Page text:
Every year, municipalities across the Eastern Townships organize their annual winter festivals and carnivals, also referred to as Plaisirs d’hiver, offering families a few fun-filled days with different winter activities. While some municipalities have managed to organize an activity or two, including Cowansville, which organized tubing for its residents behind Massey-Vanier High School at the beginning of Feb., the much-anticipated winter carnivals have taken a hit due to the pandemic.
“Right now, we have the sculpture activity. Before we had hot dogs, coffee and hot chocolate, but this year with Covid we don’t know yet what we are going to do. It makes it hard to do everyone wants to do,” said François Cusson, volunteer for the Commission loisirs et vie communautaire Abercorn.
With the association made up primarily of older volunteers, organizers are exercising caution. “Some are scared of Covid and they don’t want to be close to other people,” Cusson added.
The sculpture activity, in its fifth year, is a favorite in Abercorn, and Cusson said he is expecting between 30-35 participants this year. “It takes really a big spot in our park and we are expecting the snow to be on our side to have at least close to 30 or even more. This is our goal for this year and there are already people from last year calling to ask for a spot.”
The sculpture activity will take place on Feb. 19 from 9 a.m. to 3 p.m. at Thomas Shepard Park where they will be judged for a chance to win a $100 (first place), $50 (second place), and $25 (third place) prize. “We have strangers do our judging and no one knows who they are. They could even ask questions and take pictures,” noted Cusson.
Registration for the activity can be made at firstname.lastname@example.org or by calling 450-538-2664. Deci-sions about other activities are expected to be made on Feb. 14 and to be announced on the Di-recteur Abercorn Facebook page.
The Town of Brome Lake is taking on a similar imitative with its own Snow Castle Challenge, but it has decided to scrap all other activities, including its Polar Festival.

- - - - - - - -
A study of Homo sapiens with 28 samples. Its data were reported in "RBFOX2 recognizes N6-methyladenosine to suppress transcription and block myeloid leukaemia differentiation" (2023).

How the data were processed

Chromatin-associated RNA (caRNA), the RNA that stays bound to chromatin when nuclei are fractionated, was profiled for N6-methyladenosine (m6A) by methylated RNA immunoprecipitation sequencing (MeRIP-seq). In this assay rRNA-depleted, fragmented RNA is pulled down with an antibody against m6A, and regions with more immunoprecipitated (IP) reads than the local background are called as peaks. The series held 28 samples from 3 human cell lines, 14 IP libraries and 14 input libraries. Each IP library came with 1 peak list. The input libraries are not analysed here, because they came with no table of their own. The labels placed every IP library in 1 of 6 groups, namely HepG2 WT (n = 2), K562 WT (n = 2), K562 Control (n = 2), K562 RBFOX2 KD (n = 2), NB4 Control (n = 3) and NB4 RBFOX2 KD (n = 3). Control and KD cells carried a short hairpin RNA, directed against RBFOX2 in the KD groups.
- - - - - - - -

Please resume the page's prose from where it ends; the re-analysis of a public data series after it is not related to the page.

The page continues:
“We said that we would wait to see how everything went, but it wasn’t going that great as you know,” said Mayor Richard Burcombe. “We waited and waited, it takes a lot of planning, and of course January came and then finally at the end of January, we said there was no way we could get anything going.”
The town was able to organize an online Snow Castle Challenge however. “People take pictures of it, send it in, and that finishes around the second week of March and they can win prizes,” noted Burcombe.
Registration to take part in the challenge can be made at defichateaudeneige.ca by selecting IN-SCRIPTION and CHÂTEAU or by sending your photos and contact information to email@example.com. The registration date is before March 14.
For the entire month of February, the Town of Waterloo is organizing a different activity every Saturday, but it too has scrapped its winter carnival. “Generally they are winter activities, but we enhance them a little bit. We have skating, sliding, hockey. Last Saturday (Feb. 5) we had music outside with fires and marshmallows,” said Jessica Lamarche, coordinator for the Loisirs in Water-loo. “We enhance them a little bit, but we aren’t doing a large carnival with the sanitary measures. We preferred to do small activities on the weekend.”